CNN is reporting that the Virginia State Police trooper who was killed in today's shootings at a Greyhound bus stop was originally from Jackson.
Police identified the trooper as 37-year-old Chad Dermyer during an evening press conference. According to CNN, officials say Dermyer approached a man who pulled out a handgun and then shot him multiple times.
The gunman fatally shot Dermyer Thursday at a busy bus terminal in the capital city of Richmond before he was shot dead by two other troopers, police said. Two civilians were also shot but were expected to recover.
State Police spokeswoman Corinne Geller said the civilians' injuries were not life-threatening.
A small army of law enforcement officers in tactical gear and dozens of cruisers and emergency response vehicles flooded to the station, located in an area that includes a minor league baseball stadium and a variety of commercial establishments and restaurants.
Najee Wilson, 18, of Newark, New Jersey, said his bus was pulling up to the station when he heard three gunshots and saw people running out of the building.
"We heard a lot of people screaming," Wilson said. "It definitely was a scary experience."
Wilson, who was en route to Atlanta, was among about 200 travelers waiting to board buses at a staging area set up a few blocks from the bus station after the shooting.
Leigha Schilling, who was between stops on her bus trip from New York to South Carolina, said she was smoking a cigarette outside the station Thursday when she heard banging. She went back inside briefly and saw people lying on the ground and what appeared to be blood on the floor. A security guard ordered her to get on the floor, but she ran back outside, and then heard several shots, she said.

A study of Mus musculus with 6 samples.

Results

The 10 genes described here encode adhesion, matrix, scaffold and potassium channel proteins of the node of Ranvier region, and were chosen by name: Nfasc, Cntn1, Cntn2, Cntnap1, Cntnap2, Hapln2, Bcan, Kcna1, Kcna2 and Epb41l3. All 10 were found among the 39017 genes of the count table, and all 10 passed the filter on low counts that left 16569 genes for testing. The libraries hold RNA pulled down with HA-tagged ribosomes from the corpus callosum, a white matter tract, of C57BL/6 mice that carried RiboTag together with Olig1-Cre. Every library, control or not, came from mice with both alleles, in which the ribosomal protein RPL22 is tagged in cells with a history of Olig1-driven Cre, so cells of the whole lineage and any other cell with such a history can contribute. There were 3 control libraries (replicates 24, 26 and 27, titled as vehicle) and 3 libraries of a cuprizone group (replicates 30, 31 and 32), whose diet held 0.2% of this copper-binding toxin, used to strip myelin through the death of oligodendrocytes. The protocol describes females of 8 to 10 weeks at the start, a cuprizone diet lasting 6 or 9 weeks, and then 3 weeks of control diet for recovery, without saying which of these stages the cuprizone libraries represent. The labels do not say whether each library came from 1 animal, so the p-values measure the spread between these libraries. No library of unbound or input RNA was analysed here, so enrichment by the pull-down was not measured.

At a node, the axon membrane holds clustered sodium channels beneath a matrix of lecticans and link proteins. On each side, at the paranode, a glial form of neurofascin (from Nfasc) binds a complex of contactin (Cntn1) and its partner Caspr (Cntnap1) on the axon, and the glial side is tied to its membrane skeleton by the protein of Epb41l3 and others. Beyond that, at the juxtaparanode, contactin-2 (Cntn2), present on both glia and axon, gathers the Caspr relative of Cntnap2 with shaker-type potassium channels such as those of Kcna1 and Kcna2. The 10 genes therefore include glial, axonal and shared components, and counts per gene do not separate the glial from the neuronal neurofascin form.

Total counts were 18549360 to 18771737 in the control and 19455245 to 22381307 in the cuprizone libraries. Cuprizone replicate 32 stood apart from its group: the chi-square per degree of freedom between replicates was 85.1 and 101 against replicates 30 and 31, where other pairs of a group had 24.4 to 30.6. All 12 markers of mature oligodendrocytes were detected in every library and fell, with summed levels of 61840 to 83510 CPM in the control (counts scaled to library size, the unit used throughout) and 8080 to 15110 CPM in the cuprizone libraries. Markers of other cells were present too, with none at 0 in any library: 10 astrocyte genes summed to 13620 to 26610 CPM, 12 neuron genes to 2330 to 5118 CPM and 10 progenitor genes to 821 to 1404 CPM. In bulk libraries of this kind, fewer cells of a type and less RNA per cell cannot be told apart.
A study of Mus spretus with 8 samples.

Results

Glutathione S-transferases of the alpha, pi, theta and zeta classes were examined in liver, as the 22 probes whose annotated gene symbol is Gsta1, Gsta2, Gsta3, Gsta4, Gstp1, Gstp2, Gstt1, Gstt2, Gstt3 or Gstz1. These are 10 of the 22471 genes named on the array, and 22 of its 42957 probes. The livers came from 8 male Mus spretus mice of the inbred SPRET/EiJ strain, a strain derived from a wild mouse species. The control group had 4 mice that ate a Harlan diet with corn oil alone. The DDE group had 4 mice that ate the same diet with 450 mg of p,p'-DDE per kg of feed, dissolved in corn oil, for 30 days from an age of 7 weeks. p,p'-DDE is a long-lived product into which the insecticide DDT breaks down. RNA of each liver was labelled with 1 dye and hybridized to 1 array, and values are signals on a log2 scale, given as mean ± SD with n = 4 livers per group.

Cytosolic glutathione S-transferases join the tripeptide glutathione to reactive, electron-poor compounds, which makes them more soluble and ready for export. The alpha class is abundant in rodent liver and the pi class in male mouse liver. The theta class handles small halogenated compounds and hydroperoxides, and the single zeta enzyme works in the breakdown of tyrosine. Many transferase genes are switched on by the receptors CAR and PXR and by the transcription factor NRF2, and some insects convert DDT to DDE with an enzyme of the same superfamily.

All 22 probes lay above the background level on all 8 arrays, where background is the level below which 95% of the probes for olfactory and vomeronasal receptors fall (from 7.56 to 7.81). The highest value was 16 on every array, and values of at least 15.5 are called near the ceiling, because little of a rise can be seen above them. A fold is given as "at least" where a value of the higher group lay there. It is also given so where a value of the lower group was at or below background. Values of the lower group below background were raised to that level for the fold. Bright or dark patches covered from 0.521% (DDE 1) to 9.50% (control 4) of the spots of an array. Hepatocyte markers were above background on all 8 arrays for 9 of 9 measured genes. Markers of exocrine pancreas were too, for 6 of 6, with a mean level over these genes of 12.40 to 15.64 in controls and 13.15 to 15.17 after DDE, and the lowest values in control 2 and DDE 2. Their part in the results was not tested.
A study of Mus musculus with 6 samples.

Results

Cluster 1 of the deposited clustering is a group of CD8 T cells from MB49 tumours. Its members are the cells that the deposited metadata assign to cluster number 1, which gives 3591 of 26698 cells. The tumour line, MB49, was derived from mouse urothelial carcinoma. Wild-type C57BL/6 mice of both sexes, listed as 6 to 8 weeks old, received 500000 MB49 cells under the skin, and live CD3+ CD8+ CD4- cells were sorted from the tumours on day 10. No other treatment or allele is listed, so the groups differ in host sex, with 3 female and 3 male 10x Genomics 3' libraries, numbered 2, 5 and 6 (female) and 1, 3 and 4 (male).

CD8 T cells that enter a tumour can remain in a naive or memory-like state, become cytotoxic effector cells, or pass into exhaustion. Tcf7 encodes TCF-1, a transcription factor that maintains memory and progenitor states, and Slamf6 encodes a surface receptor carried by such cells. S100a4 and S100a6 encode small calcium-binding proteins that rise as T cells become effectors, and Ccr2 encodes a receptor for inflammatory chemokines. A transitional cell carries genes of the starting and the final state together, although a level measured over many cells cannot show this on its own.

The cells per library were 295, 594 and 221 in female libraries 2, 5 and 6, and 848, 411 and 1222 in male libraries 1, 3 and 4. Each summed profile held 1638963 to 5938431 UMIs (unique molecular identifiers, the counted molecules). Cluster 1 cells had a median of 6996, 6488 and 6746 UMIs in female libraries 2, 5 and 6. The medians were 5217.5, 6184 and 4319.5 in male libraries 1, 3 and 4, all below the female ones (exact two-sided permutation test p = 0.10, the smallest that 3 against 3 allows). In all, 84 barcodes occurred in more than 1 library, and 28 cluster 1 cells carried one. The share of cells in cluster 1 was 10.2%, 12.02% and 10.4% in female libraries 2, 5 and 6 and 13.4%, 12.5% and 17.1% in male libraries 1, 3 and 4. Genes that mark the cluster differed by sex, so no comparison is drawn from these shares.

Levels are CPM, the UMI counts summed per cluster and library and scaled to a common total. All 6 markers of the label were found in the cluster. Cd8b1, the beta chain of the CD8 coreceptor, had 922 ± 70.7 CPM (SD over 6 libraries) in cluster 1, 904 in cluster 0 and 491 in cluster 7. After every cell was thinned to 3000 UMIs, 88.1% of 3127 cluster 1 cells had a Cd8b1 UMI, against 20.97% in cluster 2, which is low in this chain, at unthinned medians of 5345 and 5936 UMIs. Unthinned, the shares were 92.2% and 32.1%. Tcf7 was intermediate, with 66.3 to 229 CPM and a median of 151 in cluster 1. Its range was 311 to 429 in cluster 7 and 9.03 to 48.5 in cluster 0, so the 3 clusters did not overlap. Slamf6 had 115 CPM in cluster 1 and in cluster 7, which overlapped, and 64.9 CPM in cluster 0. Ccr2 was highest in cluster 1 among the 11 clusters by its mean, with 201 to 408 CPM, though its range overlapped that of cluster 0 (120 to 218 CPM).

"I was terrified," she said. "I didn't know what was going on."
Vincent Smith was working at the U-Haul Moving and Storage facility next door to the Greyhound station when he heard sirens and saw police cars buzzing by.
An officer stopped in and ordered him and his co-workers to stay inside and lock the doors until told it was safe again, Smith said. By late afternoon, he said he had been locked inside for about an hour and a half.
City Councilwoman Reva Trammell called it "the saddest day in the city of Richmond."
"State troopers doing their job and innocent people shot," she said. "Why? This was a senseless act."
About 50 officers from the Richmond Police Department went to the bus station to assist state police, Chief Alfred Durham said.
He said law enforcement officers have become the target of "folks out there with evil intentions."
"It's unfortunate these are the days we're living in, where folks want to harm law enforcement," Durham said. "We just want our officers to end their shifts and to go home to their families."
Greyhound issued a statement Thursday afternoon saying the Richmond bus station would be closed "until further notice."
Associated Press writers Alanna Durkin Richer and Steve Szkotak in Richmond and Kasey Jones in Baltimore contributed to this story.